Diesel dance: Mazda is mulling plans to introduce a diesel Mazda3.

Early 2010 launch on the cards as Mazda Australia ponders diesel-powered small car

Mazda logo15 Oct 2009

By DAVID HASSALL

MAZDA is continuing its diesel engine push and could have a Mazda3 Diesel on the Australian market as soon as early 2010.

According to Mazda Australia national marketing manager Alastair Doak, the engineering work has already been done, as part of the latest generation’s introduction to Australia in April this year.

Mr Doak said a new business case was being assembled and a decision would be made at the end of this month.

“We wanted it from day one, but it didn’t weigh up (at the time),” said Mr Doak, who added that Mazda was keen to build up its diesel portfolio, something other Japanese manufacturers are not doing.

Mazda’s local diesel ambitions are being restrained by the lack of automatic transmissions, a factor that will weigh heavily for female-dominated Mazda3 buyers, as it will do for the new CX-7 Diesel launched this week.

Automatic transmissions for the diesels were not produced because they were not required for Europe, which is Mazda’s main diesel market, but are now being developed in Japan and will start coming through to the Australian market in two or three years.

22 center imageLeft: Mazda's next-generation SKY-D diesel engine.

Mazda Australia managing director Doug Dickson said it became more difficult to make a case for diesel because the inherent extra cost was the same for a small car as a large SUV, making it a proportionately bigger impost on the cheaper car.

“The further down the train you get, the more difficult it becomes to make it a value equation because there is a diesel premium and it’s the same basically if you are in a Mazda2 or a CX-7, so the value equation becomes harder to justify the further down you go,” Mr Dickson told GoAuto.

“We’re still interested, though, because I think diesel is going to be a significant part of what we do with the new-generation powertrains.

“Our next generation powertrains are going to focus on improving the existing technology (as we move) towards a 30 per cent reduction in fuel usage by 2015. A lot of that’s going to be diesel. A lot of it’s going to be petrol, too, but we believe that diesel is going to be a significant part of the way things are done down the track.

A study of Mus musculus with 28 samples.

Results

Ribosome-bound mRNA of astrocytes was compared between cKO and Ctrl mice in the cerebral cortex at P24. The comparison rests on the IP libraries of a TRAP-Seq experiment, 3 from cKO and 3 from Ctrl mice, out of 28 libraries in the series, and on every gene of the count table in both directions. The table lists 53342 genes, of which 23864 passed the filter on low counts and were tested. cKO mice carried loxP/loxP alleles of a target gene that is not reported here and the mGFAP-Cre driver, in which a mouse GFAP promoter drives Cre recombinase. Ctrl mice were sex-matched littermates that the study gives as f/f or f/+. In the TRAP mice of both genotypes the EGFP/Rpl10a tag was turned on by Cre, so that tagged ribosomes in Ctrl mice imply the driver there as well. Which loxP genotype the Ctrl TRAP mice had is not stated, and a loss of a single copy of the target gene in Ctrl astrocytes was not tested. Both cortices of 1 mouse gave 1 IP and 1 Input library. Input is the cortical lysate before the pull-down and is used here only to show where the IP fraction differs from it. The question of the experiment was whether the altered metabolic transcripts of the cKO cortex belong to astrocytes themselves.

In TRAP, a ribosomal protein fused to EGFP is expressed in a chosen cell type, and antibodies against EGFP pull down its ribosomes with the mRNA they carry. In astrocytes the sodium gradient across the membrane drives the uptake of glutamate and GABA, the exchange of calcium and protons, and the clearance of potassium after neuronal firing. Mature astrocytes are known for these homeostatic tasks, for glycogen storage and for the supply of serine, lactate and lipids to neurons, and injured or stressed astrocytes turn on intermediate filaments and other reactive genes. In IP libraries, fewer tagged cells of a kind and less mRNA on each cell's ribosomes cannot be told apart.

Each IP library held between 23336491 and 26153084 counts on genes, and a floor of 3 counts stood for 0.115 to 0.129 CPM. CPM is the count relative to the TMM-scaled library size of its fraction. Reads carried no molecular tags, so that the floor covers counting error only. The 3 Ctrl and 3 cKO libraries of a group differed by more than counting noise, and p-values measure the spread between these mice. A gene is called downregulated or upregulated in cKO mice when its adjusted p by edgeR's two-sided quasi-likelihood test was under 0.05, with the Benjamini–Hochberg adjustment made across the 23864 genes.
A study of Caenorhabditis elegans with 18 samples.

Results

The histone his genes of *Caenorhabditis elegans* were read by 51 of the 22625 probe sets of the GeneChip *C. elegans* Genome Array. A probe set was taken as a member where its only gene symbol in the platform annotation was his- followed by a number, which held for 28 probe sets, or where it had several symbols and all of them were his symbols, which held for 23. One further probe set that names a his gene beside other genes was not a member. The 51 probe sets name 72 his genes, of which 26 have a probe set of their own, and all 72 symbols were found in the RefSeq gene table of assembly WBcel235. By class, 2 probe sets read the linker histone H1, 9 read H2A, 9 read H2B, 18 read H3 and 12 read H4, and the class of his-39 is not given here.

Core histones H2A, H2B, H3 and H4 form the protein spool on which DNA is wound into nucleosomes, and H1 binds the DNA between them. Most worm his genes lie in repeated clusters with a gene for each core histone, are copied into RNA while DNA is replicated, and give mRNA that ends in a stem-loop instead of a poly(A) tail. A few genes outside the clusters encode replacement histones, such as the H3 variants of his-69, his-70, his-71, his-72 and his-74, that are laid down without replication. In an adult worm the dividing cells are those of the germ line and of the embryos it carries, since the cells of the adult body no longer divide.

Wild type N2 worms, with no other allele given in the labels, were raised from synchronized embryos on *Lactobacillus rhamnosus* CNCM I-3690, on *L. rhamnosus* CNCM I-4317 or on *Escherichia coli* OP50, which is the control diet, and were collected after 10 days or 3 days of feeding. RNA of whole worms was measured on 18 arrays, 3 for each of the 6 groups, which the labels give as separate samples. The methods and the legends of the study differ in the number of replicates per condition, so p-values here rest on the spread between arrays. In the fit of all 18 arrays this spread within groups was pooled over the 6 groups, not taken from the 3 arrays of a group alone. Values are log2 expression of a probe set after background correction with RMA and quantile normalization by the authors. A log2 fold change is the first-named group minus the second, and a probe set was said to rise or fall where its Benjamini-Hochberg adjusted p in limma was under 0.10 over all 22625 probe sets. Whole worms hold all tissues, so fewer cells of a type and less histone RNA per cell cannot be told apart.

“The fact we don’t have automatics is an issue right now, but won’t stop us from introducing them. There are certainly buyers out there who appreciate them that are buying them.

“We’ve accessed the things that we can access and down the track we think we’d do a full range of products in the diesel area.”

Of the Japanese manufacturers, Mazda seems to be pushing diesel the hardest and seems to be investing in electric cars and hybrids mainly for marketing reasons and to be seen to be following the environmental trend.

Mr Dickson said electrics and hybrids would still be a significant part of the company’s mix, but said that existing liquid fuel technology “is going to probably be a more important part of our strategy”.

He said the more efficient SKY four-cylinder diesel and petrol engines and SKY-Drive automatic transmission about to be unveiled at the Tokyo motor show would not come to Australia before 2012.

As GoAuto has previously reported, Mazda Australia is assessing Thai production sourcing for its Mazda2 hatch and Mr Dickson described the main discussions over the main issues of capacity and price as “sensitive”.

Although Australia has a free-trade agreement with Thailand, he said that duty was not a determining factor because many of the components still came from Japan, which complicated the issue of exchange rates as well.

“The Thai baht is not the most stable currency around, so sometimes you get some difficulty with prices,” he told us.

“The Japanese manufacturers started in Thailand because predictions at the time were that the Thai market itself would be a massive market. It didn’t end up that way because of the Asian financial crisis and a few other things, so it has been used as a hub for export. But it’s principally there to support the Thai market, so they get first preference. So it’s not a lay-down misere by any stretch of the imagination.”

Mr Dickson also said that Mazda Australia was still interested in the unique Mazda2 sedan built in China.

“We’re very impressed with that,” he said. “That’s one we’re looking at, but there’s nothing to report at this moment.

“We’ve never had a little sedan in the Light segment, but it looks good and certainly there’s some downsizing going on (in Australia) – the Small segment appears to be getting the majority of it, but the Light segment’s still pretty good.

“When I first saw it some years ago, I thought, ‘That’s not a bad little jigger, we’ll see what we can do to get hold of that’.”